The Justice Department has announced that its investigation of offshore tax evasion will expand to include Europe’s largest bank, HSBC in London, and Credit Suisse in Zurich. The increasing scrutiny of illegal offshore tax schemes comes as the Wall Street bailout and turmoil in the banking and financial services industries generate more interest in IRS Whistleblower Program claims.
DOJ and IRS continue to investigate UBS, Switzerland’s largest bank. Last month saw the unsealing of the an indictment of Raoul Weil, a UBS senior executive, who faces charges of conspiring to defraud the United States by concealing American clients’ taxable assets.
Scrutiny of Credit Suisse and HSBC reportedly includes whether the two banks may have helped U.S. clients hide up to $30 billion from U.S. tax authorities.
The IRS and DOJ investigations highlight differences in U.S. and Swiss law. Switzerland does not criminalize routine tax evasion, and bank secrecy rules in Switzerland prohibit disclosure of account holder information in these cases.
U.S. officials have already obtained previously “secret” UBS bank information reportedly revealing that some 20,000 U.S. citizens have maintained offshore accounts with UBS, and that approximately 17,000 of those accounts were never disclosed to the IRS. Estimates of willful tax evasion of $300 million per year have been reported previously.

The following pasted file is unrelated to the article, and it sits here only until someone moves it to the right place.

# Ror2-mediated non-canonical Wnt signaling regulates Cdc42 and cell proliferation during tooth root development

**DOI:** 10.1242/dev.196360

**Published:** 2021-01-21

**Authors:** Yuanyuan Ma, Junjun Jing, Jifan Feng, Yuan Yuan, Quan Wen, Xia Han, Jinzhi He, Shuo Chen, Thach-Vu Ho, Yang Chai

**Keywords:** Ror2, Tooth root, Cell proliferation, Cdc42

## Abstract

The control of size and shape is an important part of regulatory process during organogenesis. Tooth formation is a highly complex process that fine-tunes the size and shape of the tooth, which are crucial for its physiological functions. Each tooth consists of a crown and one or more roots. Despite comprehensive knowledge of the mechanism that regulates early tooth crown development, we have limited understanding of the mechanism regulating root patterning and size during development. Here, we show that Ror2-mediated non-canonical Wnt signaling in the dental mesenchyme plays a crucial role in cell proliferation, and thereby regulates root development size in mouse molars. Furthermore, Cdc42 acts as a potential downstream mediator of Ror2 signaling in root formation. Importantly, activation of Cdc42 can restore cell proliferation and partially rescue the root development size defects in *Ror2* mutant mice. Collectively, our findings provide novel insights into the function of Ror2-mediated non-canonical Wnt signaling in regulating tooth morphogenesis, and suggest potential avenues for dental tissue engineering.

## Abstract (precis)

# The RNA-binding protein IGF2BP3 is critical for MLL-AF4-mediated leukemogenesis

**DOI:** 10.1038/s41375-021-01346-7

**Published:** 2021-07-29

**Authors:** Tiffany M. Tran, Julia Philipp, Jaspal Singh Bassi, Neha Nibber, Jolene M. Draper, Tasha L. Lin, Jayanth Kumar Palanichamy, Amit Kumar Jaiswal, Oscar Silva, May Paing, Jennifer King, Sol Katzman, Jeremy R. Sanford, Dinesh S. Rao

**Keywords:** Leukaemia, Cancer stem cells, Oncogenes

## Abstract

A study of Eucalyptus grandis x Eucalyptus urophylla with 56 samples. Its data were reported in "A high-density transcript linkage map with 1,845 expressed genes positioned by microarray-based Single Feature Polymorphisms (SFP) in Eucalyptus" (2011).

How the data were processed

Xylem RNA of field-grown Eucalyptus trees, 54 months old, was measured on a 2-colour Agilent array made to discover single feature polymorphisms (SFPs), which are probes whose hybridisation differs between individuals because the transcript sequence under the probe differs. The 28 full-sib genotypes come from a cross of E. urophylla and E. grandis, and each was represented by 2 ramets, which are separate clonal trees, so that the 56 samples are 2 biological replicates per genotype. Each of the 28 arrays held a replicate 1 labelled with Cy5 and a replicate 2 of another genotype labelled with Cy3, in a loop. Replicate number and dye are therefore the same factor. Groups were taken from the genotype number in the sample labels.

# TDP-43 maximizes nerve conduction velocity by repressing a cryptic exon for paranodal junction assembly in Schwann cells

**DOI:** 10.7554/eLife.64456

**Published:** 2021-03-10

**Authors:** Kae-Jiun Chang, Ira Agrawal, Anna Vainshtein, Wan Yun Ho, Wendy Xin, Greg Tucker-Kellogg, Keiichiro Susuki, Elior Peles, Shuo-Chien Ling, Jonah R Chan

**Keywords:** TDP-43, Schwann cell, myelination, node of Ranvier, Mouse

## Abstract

These investigations also underscore problems in compliance with the IRS qualified intermediary program. Foreign financial institutions and foreign branches of U.S. financial institutions can agree with the IRS to be qualified intermediaries, and thus be subject to simplified withholding and reporting rules. The program seeks to make sure that the IRS is informed of foreign accounts with taxable assets, but many of these assets continue to be concealed from the IRS.
As U.S. taxpayers face an ever-increasing cost to “rescue” or bail out financial institutions, tax evasion and tax fraud schemes revealed by whistleblowers through the IRS Whistleblower Program will attract greater and greater scrutiny. Perhaps some of these whistleblowers can help offset the bailout’s ultimate costs by reducing the several hundreds of billions in unpaid tax liability each year (the “tax gap”).